Sharp's IGZO display tech: Think iPad Mini -- and Dell's XPS 15
Sharp is best known for supplying the display for Apple's iPad Mini Retina. But at CES, Sharp was showing off its IGZO tech on the latest laptops.
LAS VEGAS -- The iPad Mini Retina isn't the only product out there using Sharp's IGZO tech.
Sharp was showing off the 3,200x1,800 IGZO display on the 15.6-inch Dell XPS 15.
For those keeping track, that edges out the resolution on Apple's 15.4-inch MacBook Pro Retina. Dell's comes to 229 pixels per inch, while the MacBook Pro's is 220.
Sharp was also parading the 3,200x1,800 display on the Fujitsu UH90/M laptop.
(That said, Samsung wins the laptop pixel density wars with its, which shrinks a 3,200x1,800 display to 13.3 inches.)
Sharp's booth at CES was decked out with signs and banners touting IGZO. Sharp claims IGZO has "higher electron mobility" compared to conventional amorphous silicon displays, which means that more current can pass through the thin-film transistor. That allows Sharp to build smaller transistors, which, in turn, allows more light to come through the back of the display.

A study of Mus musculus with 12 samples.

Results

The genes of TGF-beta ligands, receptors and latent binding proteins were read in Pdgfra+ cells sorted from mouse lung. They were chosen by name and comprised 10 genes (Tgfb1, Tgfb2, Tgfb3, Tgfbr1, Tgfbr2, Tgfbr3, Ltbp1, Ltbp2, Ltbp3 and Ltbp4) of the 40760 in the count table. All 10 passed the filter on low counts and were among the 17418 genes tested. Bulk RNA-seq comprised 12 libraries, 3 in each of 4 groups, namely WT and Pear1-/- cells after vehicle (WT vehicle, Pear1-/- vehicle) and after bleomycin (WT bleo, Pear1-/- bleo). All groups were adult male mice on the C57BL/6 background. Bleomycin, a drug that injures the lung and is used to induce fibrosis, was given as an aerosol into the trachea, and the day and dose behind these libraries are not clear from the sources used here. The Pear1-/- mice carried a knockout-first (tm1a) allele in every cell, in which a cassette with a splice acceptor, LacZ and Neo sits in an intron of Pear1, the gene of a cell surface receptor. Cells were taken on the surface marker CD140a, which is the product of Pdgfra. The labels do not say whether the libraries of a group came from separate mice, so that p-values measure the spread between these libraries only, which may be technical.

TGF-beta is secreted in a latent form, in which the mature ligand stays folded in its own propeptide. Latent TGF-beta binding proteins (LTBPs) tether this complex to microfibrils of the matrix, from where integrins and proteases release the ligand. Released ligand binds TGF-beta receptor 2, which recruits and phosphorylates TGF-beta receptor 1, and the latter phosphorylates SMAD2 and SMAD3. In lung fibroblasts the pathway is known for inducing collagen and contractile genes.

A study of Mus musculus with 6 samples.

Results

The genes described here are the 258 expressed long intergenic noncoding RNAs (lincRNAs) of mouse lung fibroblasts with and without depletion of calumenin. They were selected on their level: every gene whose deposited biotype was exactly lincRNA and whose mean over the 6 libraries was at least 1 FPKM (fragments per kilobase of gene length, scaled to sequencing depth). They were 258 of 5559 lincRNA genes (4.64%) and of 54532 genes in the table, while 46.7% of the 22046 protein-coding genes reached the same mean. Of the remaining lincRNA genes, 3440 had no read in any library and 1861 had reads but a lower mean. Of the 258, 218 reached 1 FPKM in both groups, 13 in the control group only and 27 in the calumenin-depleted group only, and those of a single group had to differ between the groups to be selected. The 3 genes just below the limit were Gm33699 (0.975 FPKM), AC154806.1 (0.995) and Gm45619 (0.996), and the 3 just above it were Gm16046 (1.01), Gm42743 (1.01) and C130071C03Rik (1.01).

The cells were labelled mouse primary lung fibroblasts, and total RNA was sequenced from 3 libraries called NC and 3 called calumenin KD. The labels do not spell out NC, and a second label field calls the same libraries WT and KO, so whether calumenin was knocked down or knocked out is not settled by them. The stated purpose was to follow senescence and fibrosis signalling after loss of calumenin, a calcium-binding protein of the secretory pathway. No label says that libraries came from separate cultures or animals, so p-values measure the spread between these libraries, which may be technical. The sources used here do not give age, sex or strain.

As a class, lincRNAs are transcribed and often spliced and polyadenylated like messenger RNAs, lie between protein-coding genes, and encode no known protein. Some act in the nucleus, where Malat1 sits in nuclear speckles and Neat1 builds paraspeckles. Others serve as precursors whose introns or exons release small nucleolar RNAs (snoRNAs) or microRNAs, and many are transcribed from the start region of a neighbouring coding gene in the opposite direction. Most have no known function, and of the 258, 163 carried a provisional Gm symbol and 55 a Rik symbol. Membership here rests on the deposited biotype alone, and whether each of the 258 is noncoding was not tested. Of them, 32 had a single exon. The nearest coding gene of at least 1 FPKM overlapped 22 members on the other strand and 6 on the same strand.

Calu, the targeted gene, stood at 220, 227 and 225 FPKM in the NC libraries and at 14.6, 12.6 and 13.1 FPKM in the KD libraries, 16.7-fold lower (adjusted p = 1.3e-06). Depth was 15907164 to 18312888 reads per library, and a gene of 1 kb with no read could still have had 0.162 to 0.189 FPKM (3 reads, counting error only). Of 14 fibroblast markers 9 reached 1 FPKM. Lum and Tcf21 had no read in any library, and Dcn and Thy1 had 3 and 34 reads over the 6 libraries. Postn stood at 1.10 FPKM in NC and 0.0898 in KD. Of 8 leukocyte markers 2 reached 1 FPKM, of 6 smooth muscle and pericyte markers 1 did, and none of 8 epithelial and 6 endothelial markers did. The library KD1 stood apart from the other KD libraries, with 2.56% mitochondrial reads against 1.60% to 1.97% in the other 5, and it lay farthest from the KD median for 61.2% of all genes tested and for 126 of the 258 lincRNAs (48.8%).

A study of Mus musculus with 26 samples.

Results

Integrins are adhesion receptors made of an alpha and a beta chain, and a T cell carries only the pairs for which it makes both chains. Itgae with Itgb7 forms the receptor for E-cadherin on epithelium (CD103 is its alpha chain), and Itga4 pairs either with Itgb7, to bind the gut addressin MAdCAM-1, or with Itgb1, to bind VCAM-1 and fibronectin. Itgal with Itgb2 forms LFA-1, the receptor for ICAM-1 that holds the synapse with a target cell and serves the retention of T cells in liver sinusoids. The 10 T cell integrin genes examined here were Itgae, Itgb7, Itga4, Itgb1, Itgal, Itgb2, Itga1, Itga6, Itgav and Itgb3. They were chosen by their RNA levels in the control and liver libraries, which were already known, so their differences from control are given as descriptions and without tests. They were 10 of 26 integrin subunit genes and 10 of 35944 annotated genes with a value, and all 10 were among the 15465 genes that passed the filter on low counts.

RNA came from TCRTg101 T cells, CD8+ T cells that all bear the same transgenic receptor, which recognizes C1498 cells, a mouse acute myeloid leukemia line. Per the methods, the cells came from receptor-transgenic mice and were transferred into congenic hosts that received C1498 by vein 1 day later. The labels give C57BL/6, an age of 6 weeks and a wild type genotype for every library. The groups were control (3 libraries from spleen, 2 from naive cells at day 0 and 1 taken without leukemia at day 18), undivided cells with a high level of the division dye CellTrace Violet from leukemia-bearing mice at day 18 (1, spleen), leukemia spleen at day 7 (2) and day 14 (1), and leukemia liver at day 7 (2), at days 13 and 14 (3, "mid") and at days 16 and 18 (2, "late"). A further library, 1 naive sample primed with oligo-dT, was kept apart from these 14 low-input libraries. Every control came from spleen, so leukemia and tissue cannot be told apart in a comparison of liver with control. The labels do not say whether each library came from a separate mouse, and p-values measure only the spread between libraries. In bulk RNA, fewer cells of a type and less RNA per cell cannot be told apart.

Translation: thinner, lower-cost displays that can still deliver high pixel densities.
Which brings us to the 326-pixels-per-inch iPad Mini Retina.
While neither Sharp nor Apple will comment on the Mini Retina, analysts have pointed to Sharp as one of the principal suppliers of the IGZO display on the Apple tablet.
"Sharp is still ramping up [IGZO] production," said Paul Semenza, an analyst at DisplaySearch, in response to an e-mail query.
"They have sold some panels for mobile phones but the main focus now is the iPad mini with Retina. We expect the production to increase significantly this year," he said.
But IGZO has its detractors. Apple's Mini Retina was beaten handily by Amazon's Kindle Fire HDX 7 in a display shoot-out by DisplayMate Technologies.
Apple failed to deliver an adequate color range -- referred to as color gamut -- on the Mini Retina, according to Raymond Soneira, president of DisplayMate.